The Farmer’s Husband
Everyone can probably picture an image of a farmwife, a female Jane-of-all-trades equally capable with animals, crops, children and housework. Well in my family, I’m the farmer and my husband, Andy, is the farmer’s husband. I don’t think he really knew what he was getting himself into when we fell in love. “A farm! How picturesque! We’ll eat well! We’ll have a wholesome life!” These things are in fact true; farming is beautiful and meaningful, but it’s also tiring and dirty and frustrating more often than not.
“The first sunny day in April, let’s go for a hike!” says my excited farm husband.
“Oh, I’m sorry, I have to water the greenhouse and pick tulips all day. Oh, and can you watch our daughter ALL weekend?” says me.
“Let’s take a family vacation! How about August?”
“Oh, shoot. That’s when the peak summer fruits are coming on and I have to be here to navigate distribution.”
“Well certainly January is good to get away, that’s the slow time, right?”
“Well actually, only if I get all my seed and supplies orders done in time and have time to get back before new staff start showing up.”
Andy is a behind-the-scenes player on the farm. He can do and fix anything. He mows the grass, grades the driveway, weed whacks the blackberries, and is constantly on the lookout for ways to improve the property and the farm. He built a beautiful flagstone walkway around our home, installed and maintains our landscaping, built a play structure for our daughter, and planted and maintains 200 apple trees. He did the finish carpentry on our breakroom, sided the tractor shed, poured every concrete pad on the farm since 2015, wrangled 5000 square feet of metal greenhouse tables, built the roof over our walk-in cooler, created our employee parking area, and is on on-call duty for all sorts of unpleasant inopportune tasks. Sweeping snow off greenhouses in the middle of the night? Check. Emergency weekend squash harvest when his family is in town? Check. He understands when I can’t or won’t leave and when I’m working all weekend, and tolerates the unending noise of 20- and 30-year-olds coming and going and blaring music from the packshed, seven tractors and five trucks running around the farm, and seemingly always ill-timed delivery trucks. He gets that farming is a commitment and he’s all in.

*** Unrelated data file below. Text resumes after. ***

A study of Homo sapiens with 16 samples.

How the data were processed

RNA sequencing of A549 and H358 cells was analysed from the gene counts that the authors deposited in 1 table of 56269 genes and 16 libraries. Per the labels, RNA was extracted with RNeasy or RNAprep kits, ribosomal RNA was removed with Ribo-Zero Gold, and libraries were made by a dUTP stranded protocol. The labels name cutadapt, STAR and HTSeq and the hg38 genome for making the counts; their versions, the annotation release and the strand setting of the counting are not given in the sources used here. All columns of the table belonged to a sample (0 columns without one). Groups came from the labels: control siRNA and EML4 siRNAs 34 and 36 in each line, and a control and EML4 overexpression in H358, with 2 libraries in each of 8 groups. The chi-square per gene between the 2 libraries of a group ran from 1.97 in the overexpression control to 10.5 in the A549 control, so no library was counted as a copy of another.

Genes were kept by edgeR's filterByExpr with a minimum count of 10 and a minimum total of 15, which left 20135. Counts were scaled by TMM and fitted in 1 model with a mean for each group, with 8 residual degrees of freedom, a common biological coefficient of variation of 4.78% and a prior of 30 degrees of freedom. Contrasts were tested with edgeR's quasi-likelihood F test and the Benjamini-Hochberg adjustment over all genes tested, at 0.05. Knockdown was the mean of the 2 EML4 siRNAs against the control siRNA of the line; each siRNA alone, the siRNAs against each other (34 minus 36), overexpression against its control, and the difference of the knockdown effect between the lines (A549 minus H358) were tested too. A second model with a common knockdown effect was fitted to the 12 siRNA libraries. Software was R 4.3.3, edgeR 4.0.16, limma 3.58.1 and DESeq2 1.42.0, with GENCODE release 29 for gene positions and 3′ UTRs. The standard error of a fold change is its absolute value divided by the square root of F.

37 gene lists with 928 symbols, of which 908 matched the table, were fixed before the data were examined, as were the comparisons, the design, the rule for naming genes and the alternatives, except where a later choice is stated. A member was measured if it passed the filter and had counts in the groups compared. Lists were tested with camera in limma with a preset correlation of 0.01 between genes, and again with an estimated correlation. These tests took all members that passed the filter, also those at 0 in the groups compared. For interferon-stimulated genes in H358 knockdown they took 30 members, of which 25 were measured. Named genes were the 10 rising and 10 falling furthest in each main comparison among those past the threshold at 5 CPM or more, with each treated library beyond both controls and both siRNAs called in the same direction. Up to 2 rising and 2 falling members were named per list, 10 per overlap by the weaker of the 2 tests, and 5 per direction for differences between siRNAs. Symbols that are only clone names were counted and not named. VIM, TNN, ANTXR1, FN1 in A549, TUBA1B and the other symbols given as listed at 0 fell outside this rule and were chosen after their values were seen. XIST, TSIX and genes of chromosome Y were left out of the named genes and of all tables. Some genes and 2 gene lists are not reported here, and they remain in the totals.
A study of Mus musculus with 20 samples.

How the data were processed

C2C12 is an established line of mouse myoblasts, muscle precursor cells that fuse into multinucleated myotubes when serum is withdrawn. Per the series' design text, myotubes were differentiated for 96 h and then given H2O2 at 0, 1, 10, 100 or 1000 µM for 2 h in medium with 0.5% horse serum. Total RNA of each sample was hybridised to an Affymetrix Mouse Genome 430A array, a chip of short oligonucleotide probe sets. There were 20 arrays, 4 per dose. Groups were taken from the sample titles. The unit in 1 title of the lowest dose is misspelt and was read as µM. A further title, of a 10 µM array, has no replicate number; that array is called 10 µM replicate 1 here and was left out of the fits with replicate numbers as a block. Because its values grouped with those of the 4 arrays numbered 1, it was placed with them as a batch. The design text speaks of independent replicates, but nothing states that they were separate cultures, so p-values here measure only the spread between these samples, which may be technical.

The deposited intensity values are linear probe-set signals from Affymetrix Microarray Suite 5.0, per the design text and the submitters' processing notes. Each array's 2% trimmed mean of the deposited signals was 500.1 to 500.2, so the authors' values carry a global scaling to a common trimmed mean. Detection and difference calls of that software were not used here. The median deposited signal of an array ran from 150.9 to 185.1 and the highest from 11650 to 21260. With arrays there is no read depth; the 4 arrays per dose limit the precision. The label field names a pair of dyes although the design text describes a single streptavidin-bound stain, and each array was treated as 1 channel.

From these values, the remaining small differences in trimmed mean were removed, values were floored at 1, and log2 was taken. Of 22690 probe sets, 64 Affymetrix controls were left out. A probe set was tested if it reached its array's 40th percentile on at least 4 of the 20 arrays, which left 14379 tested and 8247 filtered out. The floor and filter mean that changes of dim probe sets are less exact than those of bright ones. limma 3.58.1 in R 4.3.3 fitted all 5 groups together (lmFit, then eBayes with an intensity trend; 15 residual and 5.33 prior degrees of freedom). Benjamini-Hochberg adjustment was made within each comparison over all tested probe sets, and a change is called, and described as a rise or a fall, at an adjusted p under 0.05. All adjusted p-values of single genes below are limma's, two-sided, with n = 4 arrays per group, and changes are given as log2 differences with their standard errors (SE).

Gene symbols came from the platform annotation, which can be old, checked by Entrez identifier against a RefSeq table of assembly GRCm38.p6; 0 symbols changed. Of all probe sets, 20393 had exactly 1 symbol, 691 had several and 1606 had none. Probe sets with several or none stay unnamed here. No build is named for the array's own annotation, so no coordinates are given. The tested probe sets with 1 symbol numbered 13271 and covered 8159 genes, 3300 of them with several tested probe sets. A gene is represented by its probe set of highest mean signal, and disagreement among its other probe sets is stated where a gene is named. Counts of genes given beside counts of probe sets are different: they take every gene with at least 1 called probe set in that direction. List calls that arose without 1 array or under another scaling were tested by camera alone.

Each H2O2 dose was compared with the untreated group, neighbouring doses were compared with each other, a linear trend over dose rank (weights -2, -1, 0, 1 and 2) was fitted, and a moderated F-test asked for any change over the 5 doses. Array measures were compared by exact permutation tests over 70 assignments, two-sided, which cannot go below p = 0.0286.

Andy not only puts up with the shenanigans of running a busy farm, he also supports me endlessly as a farmer. He cooks delicious healthy meals, cleans our home, and cares for our daughter. He listens to me through every heartache and tribulation be it weather, staffing, crops or equipment. He always wants to help and often saves the day. When he’s not home, he’s a Firefighter/EMT at East Jefferson Fire Rescue, helping people and saving lives. He’s no stranger to being of service.
Red Dog Farm and my life wouldn’t be what it is today without Andy. Our beautiful daughter gets to grow up on a farm because of his support. Our house looks (mostly) tidy on a regular basis. It takes a special human to be a farmer’s husband. I’m lucky to have met him and lucky that he seems to like me, farmer and all. I couldn’t do it without my farm husband!